Balinese Cuisine – Spicing Things Up

How adventurous are you when it comes to eating local cuisine when you travel? To me, being immersed in a culture through food is one of the highlights of my travels. I’ve tried salty, oily, milky tea in Mongolia, pigs’ ears sauted in garlic in the Philippines and squirming live octopus tentacles in South Korea – and that’s just in Asia.

Balinese food, particularly in the tourist-crammed areas like Kuta, Legian and Seminyak is not as wacky as the above examples. Compared to countries like Malaysia, Singapore and Thailand, the cuisine is not overly spicy, however you can request the hot sambal, a fresh chilli concoction as a condiment to compliment any meal. Meals (including breakfast) usually are served with rice and are eaten with a fork in the left hand and a spoon on the right. The spoon serves a dual purpose to cut up any foods (food is usually quite soft and steak is not typical to Balinese cuisine) and scoop up the rice/meat to eat.

A few typical meals in Bali include:

Nasi Goreng

Fried rice, sometimes with chicken and/or seafood, served with a fried egg on top and prawn crackers on the side.

Mie Goreng

As with Nasi Goreng but with noodles instead of rice.

Gado Gado

Indonesian salad of spinach, mung beans, hard-boiled egg, cucumber, and tomato, with sweet peanut sauce as the dressing and prawn crackers on the side. Can be eaten with rice.

Cap Cay

(Pronounced Chap Chay)

Chinese-influenced stir fried vegetables.


Satay meat (usually fish or chicken) grilled on skewers, served with a sweet peanut sauce.

Being an island, Bali is rich in seafood and while it is pricey, first-time tourists should visit Jimbaran Bay for a dinner on the beach. Here, a multitude of restaurants compete for clientele, offering a selection of fresh seafood (which you can choose), which is marinated in garlic and chili and grilled.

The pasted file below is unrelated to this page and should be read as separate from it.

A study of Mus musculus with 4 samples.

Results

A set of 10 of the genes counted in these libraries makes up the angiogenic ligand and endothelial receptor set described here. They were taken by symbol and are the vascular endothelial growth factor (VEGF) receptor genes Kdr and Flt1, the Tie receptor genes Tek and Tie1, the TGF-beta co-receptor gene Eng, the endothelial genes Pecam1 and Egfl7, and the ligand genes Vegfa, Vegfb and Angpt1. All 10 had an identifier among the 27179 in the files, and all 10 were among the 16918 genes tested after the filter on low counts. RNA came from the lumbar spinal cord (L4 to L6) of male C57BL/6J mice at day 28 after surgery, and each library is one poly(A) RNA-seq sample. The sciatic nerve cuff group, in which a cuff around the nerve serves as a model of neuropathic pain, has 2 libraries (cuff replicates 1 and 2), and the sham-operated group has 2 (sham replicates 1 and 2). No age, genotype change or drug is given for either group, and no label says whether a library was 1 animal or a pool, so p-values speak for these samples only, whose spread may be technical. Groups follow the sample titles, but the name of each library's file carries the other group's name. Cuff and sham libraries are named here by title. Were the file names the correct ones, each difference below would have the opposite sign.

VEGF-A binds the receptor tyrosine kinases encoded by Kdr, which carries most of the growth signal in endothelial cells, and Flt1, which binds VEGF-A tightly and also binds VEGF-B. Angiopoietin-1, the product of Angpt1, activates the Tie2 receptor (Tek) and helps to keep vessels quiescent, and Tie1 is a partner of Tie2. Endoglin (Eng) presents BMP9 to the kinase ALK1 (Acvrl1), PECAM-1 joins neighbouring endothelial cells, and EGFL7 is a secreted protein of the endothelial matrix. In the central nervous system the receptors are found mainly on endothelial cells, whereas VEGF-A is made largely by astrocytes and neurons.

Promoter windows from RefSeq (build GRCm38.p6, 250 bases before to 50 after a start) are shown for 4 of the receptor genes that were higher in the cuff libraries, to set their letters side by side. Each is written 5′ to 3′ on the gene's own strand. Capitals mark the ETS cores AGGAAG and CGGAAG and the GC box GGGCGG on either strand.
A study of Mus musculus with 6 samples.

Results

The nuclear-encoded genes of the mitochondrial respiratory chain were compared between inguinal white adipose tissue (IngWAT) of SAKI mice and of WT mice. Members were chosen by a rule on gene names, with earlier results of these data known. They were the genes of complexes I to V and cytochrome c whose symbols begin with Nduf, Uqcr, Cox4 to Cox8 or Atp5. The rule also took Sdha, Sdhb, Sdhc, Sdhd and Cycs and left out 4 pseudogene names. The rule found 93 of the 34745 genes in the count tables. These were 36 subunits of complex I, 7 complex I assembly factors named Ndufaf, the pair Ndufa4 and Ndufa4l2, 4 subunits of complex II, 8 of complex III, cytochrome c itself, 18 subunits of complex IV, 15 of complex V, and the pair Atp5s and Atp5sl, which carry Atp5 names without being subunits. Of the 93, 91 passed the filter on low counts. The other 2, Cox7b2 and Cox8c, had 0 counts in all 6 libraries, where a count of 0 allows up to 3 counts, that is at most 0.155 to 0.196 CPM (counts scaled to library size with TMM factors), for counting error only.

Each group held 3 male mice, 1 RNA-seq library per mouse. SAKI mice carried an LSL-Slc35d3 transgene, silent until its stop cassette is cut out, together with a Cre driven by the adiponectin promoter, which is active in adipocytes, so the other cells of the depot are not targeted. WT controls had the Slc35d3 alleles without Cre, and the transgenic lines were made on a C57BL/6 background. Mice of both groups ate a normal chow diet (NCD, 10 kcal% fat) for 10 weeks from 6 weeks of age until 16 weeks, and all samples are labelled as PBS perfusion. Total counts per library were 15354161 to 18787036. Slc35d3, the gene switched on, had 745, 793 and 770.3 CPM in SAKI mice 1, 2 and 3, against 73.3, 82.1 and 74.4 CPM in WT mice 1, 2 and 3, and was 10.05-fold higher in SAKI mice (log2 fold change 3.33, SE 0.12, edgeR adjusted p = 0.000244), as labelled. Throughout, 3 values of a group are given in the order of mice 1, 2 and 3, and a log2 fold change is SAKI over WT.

Michael and I were stuffed with a buffet selection at the Seafood Cafe which included corn soup, a side of vegetables, steamed rice then plates of grilled lobster, fish, prawns, clams and squid. Traditional Balinese dancing topped off the experience. All this cost about 125,000 rupiah in total.

For a cheaper (and arguably just as scrumptious) experience, check out Gong Corner on Poppies Lane. Prices (and taxes/surcharge) vary with each restaurant, but Gong always gets a queue of hungry people thanks to its delicious food served cheaper than other restaurants in the heart of Kuta. Here, you can choose from a wide variety of Western, Indonesian and Chinese-influenced food – we paid on average 53,000 rupiah for two people, including drinks.

Anika Cooking School

Michael and I also did a cooking class in Bali at the Anika Cooking School, which I would highly recommend to any food lover.

Starting off with a trip to the markets, we were acquainted with various herbs used in Balinese cuisine, including four types of garlic, turmeric, chilies, coriander (cilantro), blocks of crushed peanuts mixed with herbs and sugar (for satay sauce) and other mouth-watering ingredients.

Getting back to the school (which also doubled as a hotel and spa), we were treated to fresh hibiscus tea and a few very sweet desserts, including sticky rice balls rolled in grated coconut and liquid palm sugar that burst in your mouth once you bit into it.

The only downside of the cooking school was that we were not able to do the cooking process from start to finish – a lot of the ingredients had been chopped already for us, leaving us to do only some momentary mortar and pestle work and stirring. However, this was balanced by the fact that we saw all the dishes been prepared and cooked before our eyes.

There were 10 dishes in total, including tofu fritters, chicken and fish curries, fried rice and noodles, followed by a pandan-flavored pudding and banana fritters (deep fried bananas in batter, usually drizzled in honey).

Similar to other Asian countries, drinking water from the faucet is not recommended, however bottled water can be readily purchased in convenience stores for 2500 rupiah (about US 30 cents). In restaurants, soft drink, beer (Bintang is the local brew) and fresh fruit juices (usually tropical fruits such as papaya, mango, pineapple and coconut) are on the menu.